A century after Lena H. Bryant founded Lane Bryant—the first women's clothing line exclusively devoted to plus-size apparel—her great-grandsons Michael and Nick Kaplan are following in her footsteps. Since launching the plus-size women's clothing retailer Fashion to Figure in New York in 2004, they have expanded to Connecticut, Delaware, Georgia, Maryland, Massachusetts and New Jersey.
We started by borrowing $400,000, and we were that very classic “borrow-money-to-start-a-retail-business.” We're now a multi-channel, national, experience-driven retailer, but we started by opening a single store. When you bootstrap a business as opposed to having venture capital, you're very, very cautious with your dollar and investment. We wanted to be very frugal and do as much as we could on our own to save capital.
I had the idea for the business and came out of Harvard Business School, but I didn't have a merchandising background. And we were so cautious with our dollar that we thought that we could actually buy the merchandise and do a lot of things on our own. Then we saw that we weren't performing as well as we wanted to on the product level.
One of the mistakes that we made early on was not loosening up and understanding that you have to not do everything yourself. We didn't get comfortable early enough in investing in talent around us. It took us about 18 months before we really got out of our own way and invested in somebody from Saks Fifth Avenue to come in and be a great merchant—and we should have made that investment from day one.
Don't be frugal about everything.
What we learned was, don't be frugal about everything. Certainly be judicious, but spend the money on a phenomenal merchant and fashion talent because that is the business that you are in. And if that's not your talent, get out of your own way.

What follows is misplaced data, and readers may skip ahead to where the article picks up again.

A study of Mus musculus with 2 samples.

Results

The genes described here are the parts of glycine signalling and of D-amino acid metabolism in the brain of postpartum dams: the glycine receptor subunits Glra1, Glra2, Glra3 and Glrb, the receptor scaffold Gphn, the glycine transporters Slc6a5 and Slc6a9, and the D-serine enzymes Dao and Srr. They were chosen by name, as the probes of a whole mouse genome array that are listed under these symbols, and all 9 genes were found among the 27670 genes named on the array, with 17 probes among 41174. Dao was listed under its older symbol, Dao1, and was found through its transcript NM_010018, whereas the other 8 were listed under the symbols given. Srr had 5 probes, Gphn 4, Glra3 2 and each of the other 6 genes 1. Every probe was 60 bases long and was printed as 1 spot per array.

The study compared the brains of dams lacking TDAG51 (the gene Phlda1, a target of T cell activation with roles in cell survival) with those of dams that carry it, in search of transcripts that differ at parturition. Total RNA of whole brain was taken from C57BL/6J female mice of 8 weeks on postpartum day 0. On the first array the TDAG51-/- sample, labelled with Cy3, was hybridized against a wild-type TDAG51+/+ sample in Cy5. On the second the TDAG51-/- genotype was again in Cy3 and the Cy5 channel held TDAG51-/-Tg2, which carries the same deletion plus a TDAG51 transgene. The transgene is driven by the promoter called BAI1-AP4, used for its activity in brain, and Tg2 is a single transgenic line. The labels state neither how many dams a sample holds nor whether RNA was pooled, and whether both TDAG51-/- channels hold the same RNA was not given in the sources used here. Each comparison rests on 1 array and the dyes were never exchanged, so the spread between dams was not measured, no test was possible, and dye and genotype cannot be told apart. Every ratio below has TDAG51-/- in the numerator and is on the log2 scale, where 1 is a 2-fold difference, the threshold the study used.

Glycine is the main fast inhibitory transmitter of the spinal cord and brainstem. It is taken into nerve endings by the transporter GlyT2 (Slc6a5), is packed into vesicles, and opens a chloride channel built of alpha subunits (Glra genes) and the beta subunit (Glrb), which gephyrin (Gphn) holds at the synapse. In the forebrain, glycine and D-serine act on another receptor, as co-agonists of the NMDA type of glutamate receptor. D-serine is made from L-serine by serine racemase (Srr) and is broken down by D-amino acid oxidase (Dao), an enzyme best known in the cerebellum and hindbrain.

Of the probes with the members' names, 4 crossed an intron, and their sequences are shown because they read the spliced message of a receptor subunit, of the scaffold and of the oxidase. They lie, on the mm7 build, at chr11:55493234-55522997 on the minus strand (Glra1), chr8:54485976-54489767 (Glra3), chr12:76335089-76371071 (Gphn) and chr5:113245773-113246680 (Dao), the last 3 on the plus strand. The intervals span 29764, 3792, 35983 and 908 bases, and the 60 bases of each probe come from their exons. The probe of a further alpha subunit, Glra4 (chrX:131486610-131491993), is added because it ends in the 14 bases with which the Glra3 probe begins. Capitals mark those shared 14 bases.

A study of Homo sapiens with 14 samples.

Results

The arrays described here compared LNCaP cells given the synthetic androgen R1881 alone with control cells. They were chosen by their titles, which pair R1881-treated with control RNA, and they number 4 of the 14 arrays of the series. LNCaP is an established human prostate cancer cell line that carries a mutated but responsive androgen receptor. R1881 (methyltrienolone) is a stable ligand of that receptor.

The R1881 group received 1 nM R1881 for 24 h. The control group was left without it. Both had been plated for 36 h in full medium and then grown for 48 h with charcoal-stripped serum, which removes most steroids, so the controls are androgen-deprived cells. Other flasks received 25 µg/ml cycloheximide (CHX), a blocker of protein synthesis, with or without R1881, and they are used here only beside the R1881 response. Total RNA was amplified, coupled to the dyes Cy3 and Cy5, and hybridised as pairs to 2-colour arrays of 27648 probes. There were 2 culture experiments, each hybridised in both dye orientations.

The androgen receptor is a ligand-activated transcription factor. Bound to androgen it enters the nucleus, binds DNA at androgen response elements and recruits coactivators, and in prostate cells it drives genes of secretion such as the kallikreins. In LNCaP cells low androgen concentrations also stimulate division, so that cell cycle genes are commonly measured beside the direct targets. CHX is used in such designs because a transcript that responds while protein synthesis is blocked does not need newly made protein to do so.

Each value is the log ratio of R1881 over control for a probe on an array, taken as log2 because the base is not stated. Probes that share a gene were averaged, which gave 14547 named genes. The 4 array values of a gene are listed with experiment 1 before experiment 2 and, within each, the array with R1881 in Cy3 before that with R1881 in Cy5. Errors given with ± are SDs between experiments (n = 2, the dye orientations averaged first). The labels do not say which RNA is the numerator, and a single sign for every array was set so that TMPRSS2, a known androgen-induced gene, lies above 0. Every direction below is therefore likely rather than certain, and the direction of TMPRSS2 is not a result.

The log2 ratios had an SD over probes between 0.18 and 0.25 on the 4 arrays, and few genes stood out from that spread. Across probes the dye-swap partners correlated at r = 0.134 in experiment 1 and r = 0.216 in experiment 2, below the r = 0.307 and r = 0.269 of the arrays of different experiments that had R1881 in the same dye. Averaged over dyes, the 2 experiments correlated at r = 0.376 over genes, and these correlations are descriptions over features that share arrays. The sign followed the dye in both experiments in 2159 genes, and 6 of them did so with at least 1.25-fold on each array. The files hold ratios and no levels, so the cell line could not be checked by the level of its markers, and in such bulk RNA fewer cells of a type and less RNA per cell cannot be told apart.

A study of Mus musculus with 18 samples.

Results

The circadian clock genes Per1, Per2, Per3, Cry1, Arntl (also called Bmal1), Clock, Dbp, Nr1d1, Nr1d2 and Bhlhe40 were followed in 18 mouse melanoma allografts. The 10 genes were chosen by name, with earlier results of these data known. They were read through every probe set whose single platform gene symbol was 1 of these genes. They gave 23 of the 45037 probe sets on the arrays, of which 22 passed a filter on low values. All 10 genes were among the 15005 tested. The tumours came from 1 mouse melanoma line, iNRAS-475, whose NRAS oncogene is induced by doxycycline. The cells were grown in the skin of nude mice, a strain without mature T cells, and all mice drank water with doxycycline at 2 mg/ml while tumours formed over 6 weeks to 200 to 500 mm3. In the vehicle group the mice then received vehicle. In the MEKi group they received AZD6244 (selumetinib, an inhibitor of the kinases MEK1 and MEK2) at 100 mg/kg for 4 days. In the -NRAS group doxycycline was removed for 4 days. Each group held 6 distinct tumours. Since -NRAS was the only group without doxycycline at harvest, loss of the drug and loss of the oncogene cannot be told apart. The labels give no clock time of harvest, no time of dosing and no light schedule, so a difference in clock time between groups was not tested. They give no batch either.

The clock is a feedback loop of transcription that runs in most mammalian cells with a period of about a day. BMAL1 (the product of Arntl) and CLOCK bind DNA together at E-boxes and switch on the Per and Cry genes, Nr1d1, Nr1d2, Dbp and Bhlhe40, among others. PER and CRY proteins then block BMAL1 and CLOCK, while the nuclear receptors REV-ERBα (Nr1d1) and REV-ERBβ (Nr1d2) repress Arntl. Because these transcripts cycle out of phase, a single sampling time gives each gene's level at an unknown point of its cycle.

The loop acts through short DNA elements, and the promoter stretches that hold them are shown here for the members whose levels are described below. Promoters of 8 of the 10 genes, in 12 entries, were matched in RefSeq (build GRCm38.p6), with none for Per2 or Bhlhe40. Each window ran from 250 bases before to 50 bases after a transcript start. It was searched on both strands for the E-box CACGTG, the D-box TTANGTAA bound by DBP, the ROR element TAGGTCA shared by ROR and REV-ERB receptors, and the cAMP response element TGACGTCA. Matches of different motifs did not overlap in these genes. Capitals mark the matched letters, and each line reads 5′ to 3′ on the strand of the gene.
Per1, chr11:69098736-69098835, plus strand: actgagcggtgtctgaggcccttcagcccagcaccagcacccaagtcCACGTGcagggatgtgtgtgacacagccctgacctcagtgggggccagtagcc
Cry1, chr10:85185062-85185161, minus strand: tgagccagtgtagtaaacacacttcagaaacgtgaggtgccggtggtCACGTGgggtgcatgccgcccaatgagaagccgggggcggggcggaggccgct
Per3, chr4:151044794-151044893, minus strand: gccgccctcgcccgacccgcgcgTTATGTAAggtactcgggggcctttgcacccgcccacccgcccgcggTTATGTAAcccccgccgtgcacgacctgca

It’s difficult to recognize that. It takes quite a bit of emotional intelligence. You've really got to be self-aware. I also think having a phenomenal board of advisors as well as a board of directors always helps you to push and makes you flag issues. But I think you really have to pay attention to the patterns. Ask yourself: "Am I getting the results that I want both financially and qualitatively in the business?" If not, maybe I should try a different approach.
Growing a business from a sheet of paper to fruition, to growth, to scale, requires different skills at every point in that chain. If you want to be the person who lives up to the challenges, you have to constantly ask yourself, “Am I doing now what's needed? Or am I just in a rhythm of how I have always done things?” Because anybody in any venture, if you are not looking at yourself in the mirror and constantly second-guessing and asking, “Is there a better way?” then I am not sure how anybody could grow. You can't take yourself so seriously as to not constantly rethink how you are doing things.
The lesson translates to our digital business now as well. We have been in the experience business in retail stores. We know now, because of those early days, that we’re not going to try to figure out the digital business on our own. We're really going to invest in some great talent for that, and we are much more comfortable doing that today because of what we lived through, bloodying our nose in mistakes and only getting around to doing it properly.
One of the things you learn early on, making mistakes, is that succeeding is actually not getting everything right. It's being able to identify your mistakes very quickly and adapt and change and learn very fast. What we learned from our mistake is that while it may be comfortable to constantly do things on the cheap because you won't see the cash come out of your bank account, that may not be the right thing to get the business to the next place. It may take some discomfort and stress to bring in the right people or asset, but if you do that, the capital will follow.
Follow Michael Kaplan on Twitter at @kappyfones.
Pictured: Michael Kaplan. | Photo courtesy of Fashion to Figure.